One January afternoon we headed for a lakeside park to combat our Seasonal Affective Disorder, at least that’s what we call our lazy hibernating. It was a cold day, but the clear blue sky held brilliant sunshine. For once, we piled on the right coats, scarves, mitts and hats to enjoy a winter walk instead of either dashing from house to car in unzipped jackets, or skidding along city sidewalks, shivering in our downtown coats and dressy boots.
At the park, we were dramatically rewarded.
Lake Ontario’s huge waves exploded into white spray as they crashed against the shoreline boulders. The rushing water roared in loudly and then hissed its retreat through beach pebbles. The sun’s warmth on our faces tempered a chilly wind. Down a gravel walkway we discovered that the splashing spray had sailed past the huge rocks, and drenched the trees, bushes and long grasses. Somehow Nature had managed to tame the lake’s flying water into a sparkling, glassy cover for the landscape. We had arrived at a dazzling gallery.
One scraggly tree had become a Tiffany window of art glass, through which we could see the sun’s glitter on the lake.
Long stems of dead, beige grass were shining, arched ice sculptures lining our pathway. Sumach bushes wore extra-thick ice coatings and stood like the walls of an enticing fairytale entrance, as every inch mirrored sunlight.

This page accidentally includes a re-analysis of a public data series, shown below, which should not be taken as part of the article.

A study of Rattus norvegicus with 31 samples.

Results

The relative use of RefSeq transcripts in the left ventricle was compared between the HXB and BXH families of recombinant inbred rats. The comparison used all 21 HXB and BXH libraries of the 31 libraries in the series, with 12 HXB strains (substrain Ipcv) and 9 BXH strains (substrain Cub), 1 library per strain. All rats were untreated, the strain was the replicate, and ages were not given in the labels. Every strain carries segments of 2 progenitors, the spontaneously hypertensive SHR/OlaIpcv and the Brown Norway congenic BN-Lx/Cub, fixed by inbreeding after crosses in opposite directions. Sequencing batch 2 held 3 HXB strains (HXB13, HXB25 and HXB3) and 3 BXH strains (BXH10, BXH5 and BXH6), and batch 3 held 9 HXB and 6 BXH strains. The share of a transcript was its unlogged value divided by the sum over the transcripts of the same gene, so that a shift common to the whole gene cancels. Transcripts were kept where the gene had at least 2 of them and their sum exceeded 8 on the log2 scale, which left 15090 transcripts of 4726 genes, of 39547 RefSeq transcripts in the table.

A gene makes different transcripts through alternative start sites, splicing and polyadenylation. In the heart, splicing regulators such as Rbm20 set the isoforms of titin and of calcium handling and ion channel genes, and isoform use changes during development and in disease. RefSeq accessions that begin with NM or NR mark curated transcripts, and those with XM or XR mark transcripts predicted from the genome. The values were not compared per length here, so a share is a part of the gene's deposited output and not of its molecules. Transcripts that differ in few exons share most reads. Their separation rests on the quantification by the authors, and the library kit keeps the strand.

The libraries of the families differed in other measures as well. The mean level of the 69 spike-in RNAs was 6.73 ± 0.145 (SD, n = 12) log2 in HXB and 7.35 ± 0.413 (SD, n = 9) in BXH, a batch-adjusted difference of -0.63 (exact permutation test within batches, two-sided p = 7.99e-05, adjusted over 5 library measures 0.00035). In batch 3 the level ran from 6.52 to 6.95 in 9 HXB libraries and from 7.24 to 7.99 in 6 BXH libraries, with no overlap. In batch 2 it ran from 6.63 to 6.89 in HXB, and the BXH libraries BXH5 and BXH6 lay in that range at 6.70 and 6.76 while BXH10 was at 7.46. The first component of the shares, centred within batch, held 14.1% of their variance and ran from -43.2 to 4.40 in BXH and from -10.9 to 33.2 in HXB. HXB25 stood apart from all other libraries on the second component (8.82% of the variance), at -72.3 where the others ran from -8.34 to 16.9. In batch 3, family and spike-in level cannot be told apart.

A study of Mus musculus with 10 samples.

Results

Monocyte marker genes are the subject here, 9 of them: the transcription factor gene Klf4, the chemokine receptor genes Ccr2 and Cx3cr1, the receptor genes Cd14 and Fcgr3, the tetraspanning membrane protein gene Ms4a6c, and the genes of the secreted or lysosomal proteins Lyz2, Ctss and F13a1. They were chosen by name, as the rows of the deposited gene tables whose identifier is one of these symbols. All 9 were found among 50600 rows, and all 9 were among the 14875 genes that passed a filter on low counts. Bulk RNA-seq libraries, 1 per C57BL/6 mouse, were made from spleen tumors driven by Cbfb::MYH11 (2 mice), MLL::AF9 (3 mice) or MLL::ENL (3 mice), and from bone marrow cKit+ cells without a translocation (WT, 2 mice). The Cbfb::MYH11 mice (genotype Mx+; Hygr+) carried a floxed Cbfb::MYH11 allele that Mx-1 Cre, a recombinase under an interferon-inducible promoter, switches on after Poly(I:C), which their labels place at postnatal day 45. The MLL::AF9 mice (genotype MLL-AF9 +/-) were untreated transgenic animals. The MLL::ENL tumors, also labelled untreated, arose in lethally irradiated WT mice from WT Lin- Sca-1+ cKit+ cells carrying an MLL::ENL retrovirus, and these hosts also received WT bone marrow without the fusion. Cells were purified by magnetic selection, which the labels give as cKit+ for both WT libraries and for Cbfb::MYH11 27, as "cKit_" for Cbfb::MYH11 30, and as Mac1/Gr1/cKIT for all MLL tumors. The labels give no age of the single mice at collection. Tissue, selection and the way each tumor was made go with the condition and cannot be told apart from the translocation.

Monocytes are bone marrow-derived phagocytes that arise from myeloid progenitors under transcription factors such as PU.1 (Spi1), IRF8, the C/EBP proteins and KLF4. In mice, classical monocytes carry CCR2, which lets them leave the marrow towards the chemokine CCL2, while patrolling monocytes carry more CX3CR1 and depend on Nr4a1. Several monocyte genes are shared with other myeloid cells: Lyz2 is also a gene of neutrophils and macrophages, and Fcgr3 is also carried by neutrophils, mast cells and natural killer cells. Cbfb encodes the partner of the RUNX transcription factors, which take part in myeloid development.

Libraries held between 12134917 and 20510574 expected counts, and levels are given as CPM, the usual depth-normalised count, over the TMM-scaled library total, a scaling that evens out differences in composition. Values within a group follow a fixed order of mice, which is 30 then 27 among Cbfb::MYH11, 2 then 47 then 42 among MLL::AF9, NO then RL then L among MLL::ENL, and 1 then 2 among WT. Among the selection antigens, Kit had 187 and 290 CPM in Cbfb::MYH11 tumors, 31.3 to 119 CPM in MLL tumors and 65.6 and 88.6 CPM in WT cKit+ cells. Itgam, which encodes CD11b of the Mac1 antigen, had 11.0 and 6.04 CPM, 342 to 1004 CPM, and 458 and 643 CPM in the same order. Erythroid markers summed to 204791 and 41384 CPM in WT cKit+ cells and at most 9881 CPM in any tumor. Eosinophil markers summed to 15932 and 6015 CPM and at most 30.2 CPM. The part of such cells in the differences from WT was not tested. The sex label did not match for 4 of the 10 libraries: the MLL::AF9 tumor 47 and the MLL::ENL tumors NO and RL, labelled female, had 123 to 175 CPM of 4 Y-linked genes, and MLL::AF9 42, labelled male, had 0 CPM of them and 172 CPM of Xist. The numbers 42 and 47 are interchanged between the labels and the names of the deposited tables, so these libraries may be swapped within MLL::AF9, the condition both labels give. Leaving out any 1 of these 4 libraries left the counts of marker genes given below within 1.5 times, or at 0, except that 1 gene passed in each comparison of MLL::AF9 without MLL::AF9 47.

And then there were the dogwoods, dormant and leafless like most vegetation here in winter, but blessed with red bark. Their scarlet, twiggy branches gleamed through a glaze of clear crystal, looking more magical than any Christmas decorations.
As we adults gasped at the natural artwork, the children researched what can be done with ice, grass, and bushes. They stomped on low-lying grass to hear and feel the crackling crunch. They carefully stripped a branch of its frozen coating and discovered that they were holding a hollow tube.
“This could be a straw!”
Smaller twigs became handles for ice popsicles. We all learned that if you tap together thick pieces of ice you hear chimes.
Oh joy! Exhilarated by fresh air, and tipsy with beauty, we gave thanks.